Euro elections: Footballer Smicer taking on Europe
He is, perhaps, the only Czech European Parliament candidate you've ever heard of.
Former Liverpool midfielder Vladimir Smicer is one of the Czech Republic's most successful footballers, still remembered for his long-range goal in the heart-stopping 2005 Champions League final.
He retired from playing in 2009, and recently took up a coaching position at his old club, Slavia Prague.
Now he's entered politics - and will be hoping to give a lacklustre European election campaign a good kick.
Smicer is among 25 candidates standing for an obscure Czech party called Vize 2014 (Vision 2014). As a political candidate, he's refreshingly honest about his goals.
"It's not my ambition to be an MEP," he writes on the party's website, proudly sporting his bright red Slavia shirt. He explains that Vision 2014's stance on sport and physical fitness is close to his heart.
"In the Czech Republic obesity rates among children have quadrupled in the last 15 years," says Smicer. "More than half of the adult population of the EU are overweight or obese. Amongst children it's one in seven. I see it in the kids around me. Fitness isn't 'in'," he goes on.
"We've got to get our kids away from their computers, tablets and smartphones and get them moving. This is something Europe needs to care about."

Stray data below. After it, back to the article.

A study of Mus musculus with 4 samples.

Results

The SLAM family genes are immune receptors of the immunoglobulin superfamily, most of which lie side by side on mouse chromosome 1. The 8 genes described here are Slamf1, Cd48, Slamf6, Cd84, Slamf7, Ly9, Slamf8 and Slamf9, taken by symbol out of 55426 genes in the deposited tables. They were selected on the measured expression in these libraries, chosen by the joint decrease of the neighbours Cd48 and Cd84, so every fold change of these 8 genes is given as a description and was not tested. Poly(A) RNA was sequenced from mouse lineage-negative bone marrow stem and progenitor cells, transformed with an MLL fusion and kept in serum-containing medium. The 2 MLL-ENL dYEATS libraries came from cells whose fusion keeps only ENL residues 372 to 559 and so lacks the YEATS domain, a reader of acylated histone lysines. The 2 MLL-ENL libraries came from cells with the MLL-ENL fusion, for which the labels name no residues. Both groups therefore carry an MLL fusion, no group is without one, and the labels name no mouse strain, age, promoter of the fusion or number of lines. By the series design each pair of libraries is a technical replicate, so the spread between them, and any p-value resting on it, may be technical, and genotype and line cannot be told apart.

So what hope of election success for "Smica", to use his Slavia nickname? Well, not much frankly. About the same as Wolverhampton Wanderers winning the Champions League.
"The problem is that Vladimir Smicer is standing for a party that no-one's ever heard of and which has zero chance of getting into the European Parliament," says Jindrich Sidlo, chief analyst for the country's leading economic daily Hospodarske noviny.
"And I'm not just saying that because I'm an Arsenal fan - he was a great player," Sidlo adds.
Smicer's candidature aside, Czechs seem wholly apathetic about the European Parliament as campaigning intensifies ahead of the 22-25 May elections.
"I'd say Czechs are almost totally uninterested in these elections, and I imagine turnout will be pretty low," Sidlo told the BBC.
"Anyway the parties use themes which are linked to domestic politics. So for example the Civic Democrats are campaigning against Czech adoption of the euro - but that's something that will be decided here in the Czech Republic, not the European Parliament," he went on.
"The European Parliament elections really just provide a signal as to who's likely to win the next (local and Senate) elections in the autumn. That's far more important."